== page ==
Christopher Myott is Turning Common Objects Into Art
Artist Christopher Myott of Jaffrey simplifies his immediate reality into a 2-D world of oil paint on Masonite. His subject matter of choice often involves motorcycles, oilcans and vases, a neighbor’s wood workshop, and, lately, a forlorn pile of baseball cards. The objects are tangible, but transformed through Myott’s technique.
Starting with a palette knife, Myott coats the flat panel with a layer of paint before inscribing or carving his subject into the thick paint. Then comes another layer of paint and more sgraffito, which may reveal an earlier layer of paint, creating a thin line in another color. The painting comes together with the immediacy of a quick first sketch. Myott does not correct any imperfect lines — he prefers the first, fresh take to project his style, his vision of reality without any erasures or modifications. “There’s something honest about it, like a signature,” he says. Finally, he hand-rubs a beeswax coating over the paint, much like a furniture master would, to preserve his work and give it a quiet luster.
Motorcycles and Japanese vases are often commingled into a single composition, each giving Myott plenty of lines to subdivide the canvas for a “fun dynamic.” One work is primarily simple vases, but taken to the limit with drawings of motorcycles as decorative design instead of a Japanese landscape or floral display.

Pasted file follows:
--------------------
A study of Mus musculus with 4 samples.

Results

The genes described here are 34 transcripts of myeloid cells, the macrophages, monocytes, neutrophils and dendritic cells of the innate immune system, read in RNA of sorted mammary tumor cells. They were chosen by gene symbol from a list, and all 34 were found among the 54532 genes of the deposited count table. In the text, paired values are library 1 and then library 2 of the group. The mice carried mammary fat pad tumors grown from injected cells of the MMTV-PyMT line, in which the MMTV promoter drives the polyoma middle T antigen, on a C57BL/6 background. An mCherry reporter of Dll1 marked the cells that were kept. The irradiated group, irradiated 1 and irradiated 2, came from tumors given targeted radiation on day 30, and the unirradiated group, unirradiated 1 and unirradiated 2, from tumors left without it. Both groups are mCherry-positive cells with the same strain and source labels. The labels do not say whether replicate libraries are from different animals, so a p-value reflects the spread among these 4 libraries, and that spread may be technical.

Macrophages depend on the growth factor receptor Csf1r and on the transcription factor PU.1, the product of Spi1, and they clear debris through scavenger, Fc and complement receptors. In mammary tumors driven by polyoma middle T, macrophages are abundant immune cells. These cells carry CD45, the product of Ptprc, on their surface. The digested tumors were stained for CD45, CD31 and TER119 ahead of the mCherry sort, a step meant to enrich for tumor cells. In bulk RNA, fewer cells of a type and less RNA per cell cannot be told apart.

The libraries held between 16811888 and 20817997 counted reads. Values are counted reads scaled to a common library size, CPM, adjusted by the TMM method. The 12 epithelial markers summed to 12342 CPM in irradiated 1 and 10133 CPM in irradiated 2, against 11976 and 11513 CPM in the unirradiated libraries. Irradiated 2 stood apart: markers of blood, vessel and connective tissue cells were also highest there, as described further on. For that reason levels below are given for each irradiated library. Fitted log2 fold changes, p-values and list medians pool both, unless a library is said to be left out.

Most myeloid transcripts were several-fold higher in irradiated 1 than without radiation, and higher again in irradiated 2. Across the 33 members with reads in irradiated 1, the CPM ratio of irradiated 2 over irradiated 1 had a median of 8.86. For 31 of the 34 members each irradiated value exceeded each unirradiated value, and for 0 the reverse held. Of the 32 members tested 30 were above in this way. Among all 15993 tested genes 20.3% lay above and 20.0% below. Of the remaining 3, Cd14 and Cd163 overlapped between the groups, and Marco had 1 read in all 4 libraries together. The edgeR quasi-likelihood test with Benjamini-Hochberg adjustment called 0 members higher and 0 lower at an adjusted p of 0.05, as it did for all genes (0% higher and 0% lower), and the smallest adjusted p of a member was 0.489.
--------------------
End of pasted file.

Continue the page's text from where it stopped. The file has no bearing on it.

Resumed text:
Myott’s latest foray started with a single box of baseball cards he was given as a child, but showed no interest in at that time. Recently, he randomly selected a card — it was a Fleer card of the former Oriole/Blue Jays pitcher Mike Flanagan. He painted the front portrait and back with statistics in his signature style. It wasn’t until later that he was told Flanagan was a Cy Young Award-winner and raised in Manchester. “I like that this work always starts a conversation and widens the audience for art,” he says.
The cards are painted on Masonite and carefully framed in wood with a swivel system Myott devised to display the front or back at any time. Myott hopes to flesh out a “full pack” of card paintings for a future gallery show. His work is on display at the Sharon Arts Center, in a motorcycle culture art exhibit in Rancho Cucamonga, California, and in collections throughout the US.